The Theatreguide.London Review
Piccadilly Theatre, Spring 2004 - Spring 2005
Another entry in the theatre-for-people-who-don't-go-to-the-theatre category, this stage musical version of the Elvis Presley film isn't half bad, and should satisfy those looking for no more than the proverbial fun evening out.
The story, as in the film, is simple and not particularly original – poor boy goes to prison, is discovered as a singer, and becomes a big star when he gets out, almost losing his way (and the girl) but ending happily.
Such are the vagaries of copyright that the producers of this show (the same people who put together the similar Buddy) could get the rights to the story from the film company, but not the rights to the songs that were in the movie.
So they've done the next best thing, patching together a score from a few Elvis songs they could get - Are You Lonesome Tonight, Burnin' Love, etc. - along with some other rock'n'roll songs of the period – Memphis Tennessee, Tutti Frutti, etc.- and some folk and country songs.
The mix sometimes clashes, but enough of the numbers work to keep the audience in the right mood up to the 20 minute finale-plus-encores that end the show, when things rock hard enough to get most of the house up on its feet.
In the central role Mario Kombou does a more-than-passable Elvis. He's got the sound, the moves, the sneer and, more importantly, the sexual energy. And most importantly, he never falls over into parody as most Elvis impersonators do.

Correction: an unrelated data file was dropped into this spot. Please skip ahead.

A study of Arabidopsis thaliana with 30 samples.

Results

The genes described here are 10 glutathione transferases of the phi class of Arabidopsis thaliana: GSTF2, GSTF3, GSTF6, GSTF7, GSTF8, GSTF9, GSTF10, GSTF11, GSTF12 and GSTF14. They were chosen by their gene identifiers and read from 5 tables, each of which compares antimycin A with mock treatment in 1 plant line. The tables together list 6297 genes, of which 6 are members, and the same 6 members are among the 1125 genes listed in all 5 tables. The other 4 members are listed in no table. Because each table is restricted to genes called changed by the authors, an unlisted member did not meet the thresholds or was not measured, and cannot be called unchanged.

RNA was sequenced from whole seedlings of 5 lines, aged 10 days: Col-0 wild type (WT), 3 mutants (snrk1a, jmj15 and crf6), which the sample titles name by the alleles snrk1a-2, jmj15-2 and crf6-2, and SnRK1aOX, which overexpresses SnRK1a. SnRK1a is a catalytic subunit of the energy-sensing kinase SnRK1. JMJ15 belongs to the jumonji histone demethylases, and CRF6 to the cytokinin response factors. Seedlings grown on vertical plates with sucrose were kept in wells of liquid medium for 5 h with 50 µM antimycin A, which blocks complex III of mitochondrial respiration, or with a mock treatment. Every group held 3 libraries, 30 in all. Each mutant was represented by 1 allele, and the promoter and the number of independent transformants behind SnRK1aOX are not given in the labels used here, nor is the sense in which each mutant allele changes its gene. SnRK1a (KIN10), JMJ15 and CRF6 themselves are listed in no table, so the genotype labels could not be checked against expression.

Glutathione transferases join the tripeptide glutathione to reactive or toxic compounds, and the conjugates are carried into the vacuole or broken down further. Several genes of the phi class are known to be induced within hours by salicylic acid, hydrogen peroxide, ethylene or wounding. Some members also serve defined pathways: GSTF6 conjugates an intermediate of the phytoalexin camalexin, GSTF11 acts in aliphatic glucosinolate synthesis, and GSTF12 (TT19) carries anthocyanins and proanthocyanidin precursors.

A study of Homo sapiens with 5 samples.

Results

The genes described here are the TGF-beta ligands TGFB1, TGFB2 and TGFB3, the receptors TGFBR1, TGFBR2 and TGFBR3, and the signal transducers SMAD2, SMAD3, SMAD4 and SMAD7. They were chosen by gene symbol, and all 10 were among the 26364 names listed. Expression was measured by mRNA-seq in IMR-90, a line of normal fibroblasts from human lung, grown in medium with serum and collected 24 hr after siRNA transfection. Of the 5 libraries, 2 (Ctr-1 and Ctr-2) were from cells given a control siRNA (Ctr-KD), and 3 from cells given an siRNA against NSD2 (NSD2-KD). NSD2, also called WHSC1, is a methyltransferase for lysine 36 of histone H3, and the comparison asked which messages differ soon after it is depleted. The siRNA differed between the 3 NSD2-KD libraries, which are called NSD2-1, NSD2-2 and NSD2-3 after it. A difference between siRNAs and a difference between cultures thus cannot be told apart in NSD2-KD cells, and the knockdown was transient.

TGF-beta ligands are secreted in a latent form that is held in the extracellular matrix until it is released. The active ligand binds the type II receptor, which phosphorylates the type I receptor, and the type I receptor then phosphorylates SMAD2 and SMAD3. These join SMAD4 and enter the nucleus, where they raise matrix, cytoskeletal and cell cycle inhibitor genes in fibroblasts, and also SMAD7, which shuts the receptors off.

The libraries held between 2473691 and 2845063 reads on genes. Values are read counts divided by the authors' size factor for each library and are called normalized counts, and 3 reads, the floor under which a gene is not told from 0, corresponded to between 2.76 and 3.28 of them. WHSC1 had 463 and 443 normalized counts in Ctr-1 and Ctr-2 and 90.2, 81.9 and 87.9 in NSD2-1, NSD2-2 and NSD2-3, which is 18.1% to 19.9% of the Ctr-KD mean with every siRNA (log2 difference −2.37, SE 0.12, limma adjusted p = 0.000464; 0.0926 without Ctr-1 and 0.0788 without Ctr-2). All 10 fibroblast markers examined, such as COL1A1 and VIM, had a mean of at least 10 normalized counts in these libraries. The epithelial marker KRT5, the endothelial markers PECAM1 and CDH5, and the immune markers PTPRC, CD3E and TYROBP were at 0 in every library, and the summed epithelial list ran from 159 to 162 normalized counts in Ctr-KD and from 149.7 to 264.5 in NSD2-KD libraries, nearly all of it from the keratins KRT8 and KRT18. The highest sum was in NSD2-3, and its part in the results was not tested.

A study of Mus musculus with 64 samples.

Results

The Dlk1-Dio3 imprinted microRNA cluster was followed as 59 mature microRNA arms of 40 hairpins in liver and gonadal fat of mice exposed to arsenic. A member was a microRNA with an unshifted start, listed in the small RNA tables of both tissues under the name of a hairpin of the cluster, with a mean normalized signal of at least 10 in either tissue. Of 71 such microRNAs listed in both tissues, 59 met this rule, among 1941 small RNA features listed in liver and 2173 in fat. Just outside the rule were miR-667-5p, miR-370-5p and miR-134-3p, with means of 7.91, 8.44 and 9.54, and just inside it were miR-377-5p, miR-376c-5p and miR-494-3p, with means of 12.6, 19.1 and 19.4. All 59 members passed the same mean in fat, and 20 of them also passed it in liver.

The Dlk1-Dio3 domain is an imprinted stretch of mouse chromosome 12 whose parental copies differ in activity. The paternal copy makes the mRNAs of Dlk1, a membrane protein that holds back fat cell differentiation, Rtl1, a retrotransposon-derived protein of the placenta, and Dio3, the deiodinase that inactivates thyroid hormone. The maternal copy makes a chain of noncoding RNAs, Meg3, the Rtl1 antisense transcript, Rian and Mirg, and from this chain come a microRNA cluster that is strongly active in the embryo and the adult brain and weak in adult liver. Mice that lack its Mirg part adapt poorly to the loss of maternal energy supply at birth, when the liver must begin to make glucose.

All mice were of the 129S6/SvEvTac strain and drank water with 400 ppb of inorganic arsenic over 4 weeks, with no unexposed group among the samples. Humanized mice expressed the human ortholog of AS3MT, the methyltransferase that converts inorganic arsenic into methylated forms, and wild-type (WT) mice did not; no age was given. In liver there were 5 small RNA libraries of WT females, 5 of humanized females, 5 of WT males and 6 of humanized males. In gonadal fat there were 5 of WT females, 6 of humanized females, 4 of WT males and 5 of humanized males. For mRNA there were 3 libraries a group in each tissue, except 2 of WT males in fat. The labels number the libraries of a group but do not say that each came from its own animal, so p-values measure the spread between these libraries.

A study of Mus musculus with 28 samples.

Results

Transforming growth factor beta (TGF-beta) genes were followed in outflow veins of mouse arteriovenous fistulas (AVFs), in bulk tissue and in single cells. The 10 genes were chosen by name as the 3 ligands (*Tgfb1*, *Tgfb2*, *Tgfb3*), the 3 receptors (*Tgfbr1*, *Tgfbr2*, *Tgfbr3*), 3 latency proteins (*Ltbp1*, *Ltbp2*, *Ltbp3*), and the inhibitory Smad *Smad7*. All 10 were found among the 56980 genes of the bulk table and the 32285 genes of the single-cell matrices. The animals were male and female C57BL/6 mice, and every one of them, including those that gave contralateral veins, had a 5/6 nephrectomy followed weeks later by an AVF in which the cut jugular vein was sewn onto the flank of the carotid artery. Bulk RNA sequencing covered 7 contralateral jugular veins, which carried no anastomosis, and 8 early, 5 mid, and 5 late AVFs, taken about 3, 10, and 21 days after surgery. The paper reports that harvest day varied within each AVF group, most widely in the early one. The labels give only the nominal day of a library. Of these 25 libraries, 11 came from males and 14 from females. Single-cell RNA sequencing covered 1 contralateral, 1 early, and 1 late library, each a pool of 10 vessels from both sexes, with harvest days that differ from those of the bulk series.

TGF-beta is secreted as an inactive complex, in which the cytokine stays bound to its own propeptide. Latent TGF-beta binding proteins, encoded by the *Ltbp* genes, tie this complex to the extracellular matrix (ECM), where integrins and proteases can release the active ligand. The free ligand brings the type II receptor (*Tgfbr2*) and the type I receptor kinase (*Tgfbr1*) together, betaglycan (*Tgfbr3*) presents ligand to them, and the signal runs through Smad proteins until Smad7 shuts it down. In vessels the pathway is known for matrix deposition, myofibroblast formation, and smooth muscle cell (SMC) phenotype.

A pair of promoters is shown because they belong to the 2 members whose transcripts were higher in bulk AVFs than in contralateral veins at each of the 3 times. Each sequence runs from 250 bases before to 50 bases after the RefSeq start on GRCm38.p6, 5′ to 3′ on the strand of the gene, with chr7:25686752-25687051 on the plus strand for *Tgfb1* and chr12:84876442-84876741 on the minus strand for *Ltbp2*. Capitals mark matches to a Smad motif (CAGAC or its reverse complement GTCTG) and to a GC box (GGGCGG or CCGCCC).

Taken purely on its own terms, without the shadow of Elvis on it, it's a strong and attractive performance, contributing significantly to the show's success.
Lisa Peace as the girl won and almost lost, and Roger Alborough and Gilz Terera as jailhouse buddies aren't given a whole lot to do by the simplistic plot, but provide what dramatic and musical support is needed.
There are lots of little things wrong with the show. The spoken dialogue is often comically inept. The attempts to hold on to the jailhouse theme even though the hero is only there for part of Act One don't quite work.
A plot twist built on his anger when another singer makes a hit out of a cover version of his song rings unintentionally ironic when a few minutes later we hear him sing Blue Suede Shoes.
And the story never actually finishes - it just morphs into a concert, curtain calls and encores.
But, while the audience for Hamlet or the National Theatre is not likely to find much more here than a pretty good tribute concert, audiences for tribute concerts, or Buddy, or Cats, or Fame will find this modestly entertaining show thoroughly enjoyable.